In a Facebook discussion about my recent blog post “Shibboleths and Other Pitfalls,” my friend Greg Feeley, writer, critic, and adjunct professor of writing, posed a question: “What about ‘like’ / ‘as if’ (or ‘as though’)? I still teach my students the distinction, because they should know formal English — the kind the people who read their interview cover letters will judge them by — as well as the English they already speak perfectly well.”
He’s right, both about “like” the conjunction and about the general principle. I grew up with the ad campaign for Winston cigarettes whose key sentence was “Winston tastes good like a cigarette should.” I remember English teachers and other adults going up in the air about “like a cigarette should.”
“As!” they’d yell. “It should be ‘as’!”
They probably said stuff like “the youth of America is going to hell in a handbasket,” or maybe western civilization was going to hell in a handbasket, and all because of this damned cigarette ad.
I probably went around saying stuff like “Say it like you mean it” just to piss them off.
“Like” the conjunction may have been around since Chaucer’s time, as the American Heritage Dictionary notes, but plenty of well-educated English-speakers don’t like it at all. They may dislike split infinitives, place great value on the which/that distinction, or subscribe to other shibboleths and zombie rules whose justification is shaky . . .
But, as Greg points out, they may be the ones reading your interview cover letters, or your agent queries, or your grant proposals.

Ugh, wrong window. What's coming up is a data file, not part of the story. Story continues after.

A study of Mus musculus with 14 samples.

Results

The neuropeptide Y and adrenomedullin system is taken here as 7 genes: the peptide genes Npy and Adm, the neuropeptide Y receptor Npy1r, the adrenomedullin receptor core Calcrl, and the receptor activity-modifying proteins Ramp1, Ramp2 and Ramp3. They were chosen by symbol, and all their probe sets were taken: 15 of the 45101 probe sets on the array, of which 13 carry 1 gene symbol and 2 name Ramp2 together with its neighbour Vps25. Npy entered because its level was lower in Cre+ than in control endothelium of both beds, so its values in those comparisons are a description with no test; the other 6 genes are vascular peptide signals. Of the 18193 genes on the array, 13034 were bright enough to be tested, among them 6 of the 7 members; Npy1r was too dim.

They’re the gatekeepers, in other words. Gatekeepers are the ones you have to get past in order to get what you want: an agent, a publishing contract, a job, a grant, whatever it is.
I was a gatekeeper once. Between 1989 and 1991 I edited three original anthologies of women’s fantasy and science fiction: Memories and Visions, The Women Who Walk Through Fire, and Tales of Magic Realism by Women (Dreams in a Minor Key). Over three years I read nearly a thousand stories — and accepted a grand total of 46.
Think about it. For every story I accepted, I rejected about 21. At first, I considered every good story — and there were a lot of them — a possible YES. Before long, the numbers got to me. My attitude changed. When I started reading each story, I was looking for reasons to say NO.
Before that, I’d heard editors and agents say that within a very few paragraphs of a story, a very few pages of a novel, they knew whether the work was publishable. How unfair! I thought. How could they possibly tell?
I read most of those thousand f/sf stories through to the end. I learned to trust my snap judgments. A story had to be more than “good” to make it into the YES or even the MAYBE pile. I learned to look for intangibles: energy, originality, clues that I’d never read anything like this before.
After that I had much more sympathy for the gatekeepers.
Even the ones who are using shibboleths and zombie rules to stick your query or cover letter or proposal in the NO pile. They’re probably swamped with good letters and applications. Their “sort” parameters may be flawed, but they’ve got to keep the MAYBE pile down to manageable size.
The moral of the story is that when you’re dealing with gatekeepers, give the gatekeepers as few reasons as possible to say NO. Follow the appropriate guidelines. Use standard formatting, or whatever format the organization or publication prescribes. And avoid the shibboleths and other pitfalls that may set the gatekeepers off. Pay attention to your teacher, your editor, and all those handy “10 things to never do in your writing” lists that are all over the Web. (Yes, I just split an infinitive. This is why I like being my own gatekeeper.)
If you’re an editor, teacher, reader of grant proposals, or other gatekeeper, you can do your bit too. Placate the shibboleths but don’t use them to sort people into SMART and STUPID, YES and NO.
Think of the language as your wardrobe. When you dress for a cocktail party, you don’t put on the same clothes you wear to do barn chores. Clothes don’t make the person, and neither does word choice, but there are plenty of people out there who think otherwise. Be prepared.